Rich Chinese seek US surrogate moms

Rich Chinese seek US surrogate moms
Businessman Tony Jiang with his three children in Shanghai. In 2010, he and his wife welcomed a daughter, born in California to an American surrogate. The surrogate later carried twins for the couple.

US - Wealthy Chinese are hiring American women to serve as surrogates for their children, creating a small but growing business in US$120,000 (S$150,000) American babies for China's elite.

Surrogacy agencies in China and the United States are catering to wealthy Chinese who want a baby outside the country's restrictive family-planning policies, are unable to conceive themselves, or are seeking US citizenship for their children.

While there is no data on the total number of Chinese who have sought or used US surrogates, agencies in both countries said demand has risen rapidly in the last two years.

US fertility clinics and surrogacy agencies are creating Chinese-language websites and hiring Mandarin speakers.

Boston-based Circle Surrogacy has handled half a dozen Chinese surrogacy cases over the last five years, said president John Weltman.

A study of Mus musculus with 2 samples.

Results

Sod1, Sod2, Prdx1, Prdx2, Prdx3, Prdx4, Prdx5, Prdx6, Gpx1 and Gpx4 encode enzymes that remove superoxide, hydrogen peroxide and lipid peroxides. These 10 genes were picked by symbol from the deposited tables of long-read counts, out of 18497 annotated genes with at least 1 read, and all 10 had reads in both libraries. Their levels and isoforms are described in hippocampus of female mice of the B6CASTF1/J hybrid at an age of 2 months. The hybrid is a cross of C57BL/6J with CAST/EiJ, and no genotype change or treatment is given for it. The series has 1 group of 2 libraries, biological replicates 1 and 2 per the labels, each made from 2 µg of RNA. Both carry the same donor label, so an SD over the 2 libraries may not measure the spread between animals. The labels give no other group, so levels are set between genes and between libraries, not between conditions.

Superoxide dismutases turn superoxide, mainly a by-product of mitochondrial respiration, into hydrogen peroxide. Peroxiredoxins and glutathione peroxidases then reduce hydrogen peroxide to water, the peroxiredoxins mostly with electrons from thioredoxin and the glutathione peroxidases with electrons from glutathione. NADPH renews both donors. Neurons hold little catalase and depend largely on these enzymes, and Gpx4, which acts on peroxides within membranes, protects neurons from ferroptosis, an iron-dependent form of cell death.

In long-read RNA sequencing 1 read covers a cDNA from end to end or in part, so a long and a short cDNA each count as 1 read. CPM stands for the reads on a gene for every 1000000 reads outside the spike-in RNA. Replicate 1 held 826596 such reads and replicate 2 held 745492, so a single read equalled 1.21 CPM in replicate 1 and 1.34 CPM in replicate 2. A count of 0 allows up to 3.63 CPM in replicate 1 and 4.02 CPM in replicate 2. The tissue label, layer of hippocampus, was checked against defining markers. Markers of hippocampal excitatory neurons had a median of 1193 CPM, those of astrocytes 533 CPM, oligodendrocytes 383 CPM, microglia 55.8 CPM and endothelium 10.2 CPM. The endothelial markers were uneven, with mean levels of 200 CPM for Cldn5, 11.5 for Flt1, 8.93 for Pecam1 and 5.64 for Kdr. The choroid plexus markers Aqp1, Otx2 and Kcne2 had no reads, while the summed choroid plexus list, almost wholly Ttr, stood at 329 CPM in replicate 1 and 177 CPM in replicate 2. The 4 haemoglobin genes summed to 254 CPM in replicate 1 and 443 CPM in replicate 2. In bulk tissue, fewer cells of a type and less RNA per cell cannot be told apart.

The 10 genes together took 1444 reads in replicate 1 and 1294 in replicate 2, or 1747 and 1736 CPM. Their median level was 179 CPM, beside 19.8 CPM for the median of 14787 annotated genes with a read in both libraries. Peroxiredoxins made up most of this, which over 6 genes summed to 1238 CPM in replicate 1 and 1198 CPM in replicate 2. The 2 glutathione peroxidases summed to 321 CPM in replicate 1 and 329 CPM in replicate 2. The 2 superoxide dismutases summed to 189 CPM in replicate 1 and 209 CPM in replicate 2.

"I would be surprised if you called me back in four months and that number hadn't doubled," he said. "That's the level of interest we've seen this year from China."

At least one Chinese agent promoted surrogacy as a cheaper alternative to America's EB-5 visa, which requires a minimum investment of US$500,000 in a job-creating business.

While the basic surrogacy package that Chinese agencies offer costs between US$120,000 and US$200,000, "if you add in plane tickets and other expenses, for only US$300,000, you get two children and the entire family can emigrate to the US", said a Shanghai-based agent.

Often, though, it is infertility that sends Chinese couples to US surrogacy agencies. More than 40 million Chinese are now considered infertile, according to the Chinese Population Association.

Agents said that a substantial portion already have one child - some in their teens - and are looking to have a second outside China's 1979 family-planning policy that restricts couples, in most cases, to one child.